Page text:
Using OneNote to provide Instant Feedback Faculty Spark - View, reflect and apply
Last updated on 09/10/2019
The challenge was to achieve genuinely active and collaborative learning in class. We know that when students are engaged in the construction of their own knowledge and understanding, it leads to better outcomes. Technology which allow students to passively watch and receive digital information, like PowerPoint, do not facilitate an active classroom experience. We were looking for a way to get the students to interact with resources, where we could scaffold problem solving and provide instant feedback to guide them. A secondary challenge was to develop a method of designing learning and disseminating resources for ever-larger classes efficiently and sustainably.
Using OneNote digital notebooks, it is possible to organise an approach to teaching which is tailored to student needs and sustainable. OneNote allows the presentation and live annotation of diagrams, images and problems in class. Students get teacher annotations, along with their own notes, and are able to watch them in progression later. This means that instead of an already labelled diagram or a completed problem as would be presented in a textbook or on a slide, they take part in the labelling or problem-solving process and have access to this progression of steps later. In addition, the teaching team can provide feedback to students in the session, in order to guide them in the creation of their own knowledge.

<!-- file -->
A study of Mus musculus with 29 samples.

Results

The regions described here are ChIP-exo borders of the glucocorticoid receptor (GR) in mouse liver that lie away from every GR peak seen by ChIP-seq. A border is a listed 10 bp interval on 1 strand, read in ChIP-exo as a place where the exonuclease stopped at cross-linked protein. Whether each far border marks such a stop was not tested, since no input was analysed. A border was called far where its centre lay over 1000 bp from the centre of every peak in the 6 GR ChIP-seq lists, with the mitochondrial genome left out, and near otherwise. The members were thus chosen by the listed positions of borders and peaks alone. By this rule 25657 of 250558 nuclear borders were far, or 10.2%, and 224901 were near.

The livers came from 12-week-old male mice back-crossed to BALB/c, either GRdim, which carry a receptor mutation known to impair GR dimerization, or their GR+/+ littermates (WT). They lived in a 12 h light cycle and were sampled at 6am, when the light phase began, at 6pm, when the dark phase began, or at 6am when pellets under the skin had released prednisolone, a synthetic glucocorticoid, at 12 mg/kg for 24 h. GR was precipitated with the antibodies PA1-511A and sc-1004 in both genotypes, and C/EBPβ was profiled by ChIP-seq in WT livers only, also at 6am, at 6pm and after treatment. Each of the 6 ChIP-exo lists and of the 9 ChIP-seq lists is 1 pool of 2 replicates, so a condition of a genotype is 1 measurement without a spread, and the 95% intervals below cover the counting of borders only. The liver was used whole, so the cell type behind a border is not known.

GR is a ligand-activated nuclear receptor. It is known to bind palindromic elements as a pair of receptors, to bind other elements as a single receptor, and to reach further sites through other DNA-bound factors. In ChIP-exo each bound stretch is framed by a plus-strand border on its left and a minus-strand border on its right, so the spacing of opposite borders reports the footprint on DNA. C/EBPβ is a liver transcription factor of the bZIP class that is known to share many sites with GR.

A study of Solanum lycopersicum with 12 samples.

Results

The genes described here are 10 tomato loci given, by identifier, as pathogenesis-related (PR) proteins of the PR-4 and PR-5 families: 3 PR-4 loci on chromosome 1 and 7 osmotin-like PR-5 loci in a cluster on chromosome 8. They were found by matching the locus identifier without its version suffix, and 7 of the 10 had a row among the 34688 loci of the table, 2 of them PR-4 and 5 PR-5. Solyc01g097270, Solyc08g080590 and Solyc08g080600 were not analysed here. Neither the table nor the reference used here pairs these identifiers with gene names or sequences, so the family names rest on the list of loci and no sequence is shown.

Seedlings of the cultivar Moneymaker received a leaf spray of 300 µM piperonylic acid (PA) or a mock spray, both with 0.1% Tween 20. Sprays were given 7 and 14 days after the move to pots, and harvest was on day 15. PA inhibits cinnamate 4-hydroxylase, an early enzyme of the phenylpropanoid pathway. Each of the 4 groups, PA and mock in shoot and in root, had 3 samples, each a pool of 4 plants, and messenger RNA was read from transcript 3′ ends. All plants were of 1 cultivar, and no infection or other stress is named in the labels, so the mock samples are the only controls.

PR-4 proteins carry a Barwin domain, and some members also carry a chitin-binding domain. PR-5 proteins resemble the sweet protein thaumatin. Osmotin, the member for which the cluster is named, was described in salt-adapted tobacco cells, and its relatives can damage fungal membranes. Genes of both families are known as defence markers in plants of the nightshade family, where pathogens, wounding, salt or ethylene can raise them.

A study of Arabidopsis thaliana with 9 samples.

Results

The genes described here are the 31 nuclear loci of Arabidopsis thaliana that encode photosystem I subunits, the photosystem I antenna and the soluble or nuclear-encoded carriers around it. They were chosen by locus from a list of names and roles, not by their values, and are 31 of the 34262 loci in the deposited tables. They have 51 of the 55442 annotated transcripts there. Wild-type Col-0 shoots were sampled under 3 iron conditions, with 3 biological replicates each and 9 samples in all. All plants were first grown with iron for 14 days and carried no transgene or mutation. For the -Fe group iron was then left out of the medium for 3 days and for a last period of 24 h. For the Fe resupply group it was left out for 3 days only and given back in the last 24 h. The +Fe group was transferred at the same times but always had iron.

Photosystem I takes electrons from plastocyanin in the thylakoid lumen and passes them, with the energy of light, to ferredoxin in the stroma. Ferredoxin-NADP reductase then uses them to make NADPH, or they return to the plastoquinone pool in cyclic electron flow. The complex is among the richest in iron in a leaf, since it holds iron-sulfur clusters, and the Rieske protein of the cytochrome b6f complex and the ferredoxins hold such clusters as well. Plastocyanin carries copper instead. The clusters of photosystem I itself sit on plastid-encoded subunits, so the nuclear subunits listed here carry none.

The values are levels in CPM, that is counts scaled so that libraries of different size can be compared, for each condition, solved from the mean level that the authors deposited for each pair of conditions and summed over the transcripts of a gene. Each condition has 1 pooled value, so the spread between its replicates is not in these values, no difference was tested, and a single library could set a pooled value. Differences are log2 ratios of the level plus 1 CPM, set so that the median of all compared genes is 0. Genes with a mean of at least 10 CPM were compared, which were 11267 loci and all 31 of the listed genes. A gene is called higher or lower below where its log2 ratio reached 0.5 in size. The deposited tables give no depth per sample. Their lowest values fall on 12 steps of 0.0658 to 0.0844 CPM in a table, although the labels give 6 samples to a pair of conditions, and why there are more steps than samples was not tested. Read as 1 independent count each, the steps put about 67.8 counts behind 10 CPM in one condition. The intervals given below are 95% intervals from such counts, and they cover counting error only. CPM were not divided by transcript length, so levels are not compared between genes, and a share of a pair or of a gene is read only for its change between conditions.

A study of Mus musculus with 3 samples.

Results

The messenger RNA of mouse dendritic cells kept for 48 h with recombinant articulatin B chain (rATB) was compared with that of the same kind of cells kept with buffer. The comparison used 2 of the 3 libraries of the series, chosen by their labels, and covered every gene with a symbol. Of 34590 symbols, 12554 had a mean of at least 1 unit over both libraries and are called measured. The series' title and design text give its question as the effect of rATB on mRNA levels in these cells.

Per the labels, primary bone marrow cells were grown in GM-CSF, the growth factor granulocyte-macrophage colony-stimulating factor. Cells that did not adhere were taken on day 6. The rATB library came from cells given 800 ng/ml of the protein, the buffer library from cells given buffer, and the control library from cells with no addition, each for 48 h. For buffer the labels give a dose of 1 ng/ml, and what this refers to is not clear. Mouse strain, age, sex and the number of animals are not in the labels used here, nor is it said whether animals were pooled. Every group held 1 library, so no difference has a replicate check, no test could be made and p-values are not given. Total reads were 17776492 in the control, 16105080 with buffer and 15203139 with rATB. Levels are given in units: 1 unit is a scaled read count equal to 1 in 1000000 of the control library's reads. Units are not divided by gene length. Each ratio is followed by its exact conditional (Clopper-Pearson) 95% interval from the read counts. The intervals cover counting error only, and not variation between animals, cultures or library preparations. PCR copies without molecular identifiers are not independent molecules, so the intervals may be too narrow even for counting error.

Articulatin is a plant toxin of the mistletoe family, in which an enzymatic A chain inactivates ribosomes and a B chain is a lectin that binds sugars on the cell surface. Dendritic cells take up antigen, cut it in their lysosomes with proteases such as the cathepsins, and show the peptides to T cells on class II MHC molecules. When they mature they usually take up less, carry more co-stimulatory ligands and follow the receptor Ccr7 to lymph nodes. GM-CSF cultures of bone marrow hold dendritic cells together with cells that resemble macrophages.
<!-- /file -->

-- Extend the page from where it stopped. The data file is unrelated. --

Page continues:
Student outcomes are still being assessed, but more and more students are opting in to receiving their resources via OneNote. One identifiable outcome has been the saving in time and paper. Because resources can be published straight into student notebooks right up to 5 minutes before class, it gets rid of the need for handouts and queing for the printer which is a real positive.
Microsoft OneNote is one of the suite of Microsoft apps available to educators and students at Griffith. OneNote allows educators to create a digital notebook for each student, with separately permissioned sections for read-only content, individual work and whole class collaboration. To find out more about Gary's use of OneNote, watch his presentation at the recent Griffith Microsoft Summit.
Here are some tips for implementing OneNote in your teaching:
- Have a play with the tool, to find out what it can do in a non-pressure setting.
- Try using OneNote to organise your personal work first, before implementing it in a course.
- Transition students by giving them a choice between new and traditional modes, rather than forcing them all into a new system.